Andrew J. Norton, 64, of Blue Bell, a leader at Main Line Health, died Sunday, Sept. 6, of complications from a rare autoimmune disease at Lankenau Medical Center.
Dr. Norton was the son of a physician and followed his father into the medical profession. He trained at Jefferson Medical College and then spent three decades as an internist and professor of medicine in Wisconsin before returning to the Philadelphia area.
He became senior vice president and chief medical officer for Main Line Health in 2012 and remained in that role until late July, when he stopped working due to health issues.
“He was down to earth, extremely bright, and often preferred the back stage,” said Jack Lynch, president and CEO of Main Line Health. “He was someone you could count on, not a yes man; he was looking out for the best interests of the community we serve.”
From the moment he arrived at Lankenau, Dr. Norton insisted that his colleagues and patients call him “Andy.” He relished the chance to teach the hospital’s medical students and residents.
“Andy made it clear that education was one of his passions and that he wished to share his knowledge and enthusiasm for the practice of medicine with young learners,” Main Line Health said in a statement.
As the health system’s leading physician, he pushed for safer, better, equitable, and patient-centered medicine in the system’s five hospitals and one drug-and-alcohol treatment center.
“A provocative thinker, he was always challenging the status quo and took great satisfaction in doing so,” Main Line Health said.
Dr. Norton helped countless staffers and patients at the medical center. “People saw him as a mentor and as someone who was easy to listen to,” said Barbara Wadsworth, senior vice president and chief nursing officer.
His proteges wanted to adopt his suggestions because they could see the benefit of his vision, said his wife, Deyonne Epperson.
Born in Buffalo, N.Y., to James F. Norton and Mary E. Falk, Dr. Norton grew up in nearby East Aurora. He graduated from Canisius High School and earned a bachelor’s degree from St. Louis University.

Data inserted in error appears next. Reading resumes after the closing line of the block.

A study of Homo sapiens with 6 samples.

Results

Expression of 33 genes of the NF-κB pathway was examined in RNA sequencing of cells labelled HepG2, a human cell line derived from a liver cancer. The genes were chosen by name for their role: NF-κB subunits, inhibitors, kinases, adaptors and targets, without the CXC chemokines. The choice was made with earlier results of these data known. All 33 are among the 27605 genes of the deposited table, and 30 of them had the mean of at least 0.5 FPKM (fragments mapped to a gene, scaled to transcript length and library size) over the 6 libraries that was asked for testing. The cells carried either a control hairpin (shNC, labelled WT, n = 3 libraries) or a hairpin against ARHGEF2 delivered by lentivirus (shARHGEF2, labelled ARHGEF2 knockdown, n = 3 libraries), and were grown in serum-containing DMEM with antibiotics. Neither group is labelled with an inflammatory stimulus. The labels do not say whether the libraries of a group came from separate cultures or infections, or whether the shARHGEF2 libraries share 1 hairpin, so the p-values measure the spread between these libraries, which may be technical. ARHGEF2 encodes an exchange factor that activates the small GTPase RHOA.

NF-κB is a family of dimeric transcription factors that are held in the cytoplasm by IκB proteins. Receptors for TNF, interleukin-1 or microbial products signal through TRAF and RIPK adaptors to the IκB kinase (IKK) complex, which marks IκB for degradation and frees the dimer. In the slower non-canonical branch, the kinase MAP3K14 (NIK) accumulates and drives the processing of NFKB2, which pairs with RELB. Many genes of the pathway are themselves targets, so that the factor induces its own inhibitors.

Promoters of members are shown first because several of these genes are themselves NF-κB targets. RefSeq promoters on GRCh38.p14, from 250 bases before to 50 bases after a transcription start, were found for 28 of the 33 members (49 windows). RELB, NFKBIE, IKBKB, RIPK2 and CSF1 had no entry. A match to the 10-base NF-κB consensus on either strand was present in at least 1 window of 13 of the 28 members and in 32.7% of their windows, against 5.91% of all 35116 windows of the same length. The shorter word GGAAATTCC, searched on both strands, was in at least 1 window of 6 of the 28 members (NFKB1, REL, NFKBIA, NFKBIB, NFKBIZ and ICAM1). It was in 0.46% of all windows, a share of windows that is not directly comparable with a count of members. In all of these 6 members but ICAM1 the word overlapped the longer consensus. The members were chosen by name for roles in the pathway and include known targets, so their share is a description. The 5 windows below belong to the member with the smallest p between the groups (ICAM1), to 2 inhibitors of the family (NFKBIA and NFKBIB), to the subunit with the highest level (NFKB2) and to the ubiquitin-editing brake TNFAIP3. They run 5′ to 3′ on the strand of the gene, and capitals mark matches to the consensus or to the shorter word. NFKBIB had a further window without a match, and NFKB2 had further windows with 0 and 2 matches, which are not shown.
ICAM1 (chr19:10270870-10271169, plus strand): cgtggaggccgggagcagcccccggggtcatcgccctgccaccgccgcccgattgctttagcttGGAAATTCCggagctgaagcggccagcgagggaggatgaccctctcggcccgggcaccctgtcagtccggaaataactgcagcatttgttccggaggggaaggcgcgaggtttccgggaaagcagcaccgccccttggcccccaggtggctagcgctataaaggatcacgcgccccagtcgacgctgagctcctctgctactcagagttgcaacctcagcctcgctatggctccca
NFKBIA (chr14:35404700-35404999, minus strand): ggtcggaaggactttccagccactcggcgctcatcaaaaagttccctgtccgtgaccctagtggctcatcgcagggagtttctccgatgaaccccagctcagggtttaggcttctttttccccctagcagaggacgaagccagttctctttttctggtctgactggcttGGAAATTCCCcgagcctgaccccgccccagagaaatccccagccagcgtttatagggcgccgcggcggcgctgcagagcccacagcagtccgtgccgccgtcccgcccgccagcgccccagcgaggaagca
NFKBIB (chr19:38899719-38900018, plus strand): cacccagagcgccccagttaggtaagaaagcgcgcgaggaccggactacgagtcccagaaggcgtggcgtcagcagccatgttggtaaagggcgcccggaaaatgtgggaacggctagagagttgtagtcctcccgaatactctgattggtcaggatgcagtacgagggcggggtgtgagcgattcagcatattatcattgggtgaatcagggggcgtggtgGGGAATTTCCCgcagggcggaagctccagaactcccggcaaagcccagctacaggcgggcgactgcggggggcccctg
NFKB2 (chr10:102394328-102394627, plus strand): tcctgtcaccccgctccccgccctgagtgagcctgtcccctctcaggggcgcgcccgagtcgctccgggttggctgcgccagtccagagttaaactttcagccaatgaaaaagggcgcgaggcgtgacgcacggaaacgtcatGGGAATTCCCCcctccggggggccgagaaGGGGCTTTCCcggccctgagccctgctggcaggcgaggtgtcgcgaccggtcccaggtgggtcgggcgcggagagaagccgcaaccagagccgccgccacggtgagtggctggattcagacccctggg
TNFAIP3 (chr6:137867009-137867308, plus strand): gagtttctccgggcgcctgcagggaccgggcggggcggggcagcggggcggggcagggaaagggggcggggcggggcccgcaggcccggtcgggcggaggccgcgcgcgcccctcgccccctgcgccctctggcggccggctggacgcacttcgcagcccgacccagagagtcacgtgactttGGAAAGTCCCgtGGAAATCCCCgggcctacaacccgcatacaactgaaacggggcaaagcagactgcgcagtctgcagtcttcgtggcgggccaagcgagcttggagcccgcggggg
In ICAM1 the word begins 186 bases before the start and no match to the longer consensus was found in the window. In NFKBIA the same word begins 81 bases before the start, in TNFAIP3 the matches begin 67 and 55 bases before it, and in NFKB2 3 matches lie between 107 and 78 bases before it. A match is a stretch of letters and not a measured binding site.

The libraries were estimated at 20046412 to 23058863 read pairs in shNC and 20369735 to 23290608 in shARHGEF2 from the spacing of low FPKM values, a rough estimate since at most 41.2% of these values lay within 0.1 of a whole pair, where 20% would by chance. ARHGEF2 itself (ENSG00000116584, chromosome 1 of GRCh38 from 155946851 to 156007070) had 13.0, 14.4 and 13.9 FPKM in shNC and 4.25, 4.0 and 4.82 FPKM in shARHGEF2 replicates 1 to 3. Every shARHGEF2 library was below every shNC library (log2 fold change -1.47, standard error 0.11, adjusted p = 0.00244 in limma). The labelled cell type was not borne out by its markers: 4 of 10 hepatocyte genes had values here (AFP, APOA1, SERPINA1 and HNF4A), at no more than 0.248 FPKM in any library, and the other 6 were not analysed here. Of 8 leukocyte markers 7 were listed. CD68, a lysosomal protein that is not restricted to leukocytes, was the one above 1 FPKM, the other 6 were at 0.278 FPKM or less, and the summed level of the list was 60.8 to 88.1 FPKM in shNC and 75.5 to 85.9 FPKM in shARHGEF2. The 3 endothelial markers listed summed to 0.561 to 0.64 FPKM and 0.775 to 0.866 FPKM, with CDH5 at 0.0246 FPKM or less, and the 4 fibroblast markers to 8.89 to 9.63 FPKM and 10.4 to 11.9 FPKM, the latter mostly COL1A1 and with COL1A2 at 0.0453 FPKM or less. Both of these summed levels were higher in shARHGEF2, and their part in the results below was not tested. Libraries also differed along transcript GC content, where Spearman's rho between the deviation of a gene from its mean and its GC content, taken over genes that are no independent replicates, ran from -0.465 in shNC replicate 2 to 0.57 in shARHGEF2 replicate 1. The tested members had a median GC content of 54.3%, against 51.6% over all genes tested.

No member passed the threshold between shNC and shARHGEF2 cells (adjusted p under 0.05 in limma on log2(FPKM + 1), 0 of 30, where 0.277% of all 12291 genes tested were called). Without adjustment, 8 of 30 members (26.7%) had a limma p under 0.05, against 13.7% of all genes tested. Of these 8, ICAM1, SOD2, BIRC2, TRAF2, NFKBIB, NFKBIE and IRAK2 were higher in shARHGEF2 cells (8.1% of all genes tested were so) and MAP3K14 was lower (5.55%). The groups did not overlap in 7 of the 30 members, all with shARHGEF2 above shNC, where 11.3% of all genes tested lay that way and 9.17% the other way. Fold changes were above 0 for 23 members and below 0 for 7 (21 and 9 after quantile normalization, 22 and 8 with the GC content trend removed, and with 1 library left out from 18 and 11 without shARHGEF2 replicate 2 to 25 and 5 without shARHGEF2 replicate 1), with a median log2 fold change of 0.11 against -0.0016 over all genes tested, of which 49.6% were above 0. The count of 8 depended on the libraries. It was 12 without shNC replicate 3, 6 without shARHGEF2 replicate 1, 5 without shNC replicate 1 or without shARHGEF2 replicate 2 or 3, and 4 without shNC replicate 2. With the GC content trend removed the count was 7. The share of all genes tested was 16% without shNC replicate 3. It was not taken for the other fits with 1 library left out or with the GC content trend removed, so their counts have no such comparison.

After earning his medical degree, he went to the Medical College of Wisconsin in Milwaukee, where he completed a residency in internal medicine and spent 30 years as a professor of clinical medicine. He also practiced internal medicine for 27 years.
From 1997 to 2011, he was senior vice president and chief medical officer for Froedtert Hospital, affiliated with the Medical College of Wisconsin.
In addition to being a teacher, he never stopped reading and going to conferences, and delighted in discussing medical journal articles with others.
When the coronavirus struck this year, Dr. Norton led the health system’s response. “He lived with the understanding that we were all going into COVID with a lot of uncertainty," Lynch said. "He was not rattled by the lack of answers and remained focused on the medical care for the community while ensuring that our employees and medical staff were safe.”
Dr. Norton was previously married to Rosina Norton. They had four children before divorcing. She survives.
Six years ago, he met Epperson through Wadsworth, their mutual friend. They married in May 2019. “Every time he saw her, his eyes lit up,” Wadsworth said.
They enjoyed traveling, golfing, biking, and walking together, always holding hands.
“He was an absolutely wonderful man," his wife said. "He loved me, his children, my children.… He didn’t think about himself; he thought about everyone else and how to make their lives better.”
Besides his wife, he is survived by daughters Aryn and Mackenzie; sons Caleb and Samuel; stepdaughter Stephanie Rakic; three grandsons; and many nieces and nephews.
Services at 11 a.m. Saturday, Sept. 26, will be private but livestreamed through a link on westlaurelhill.com.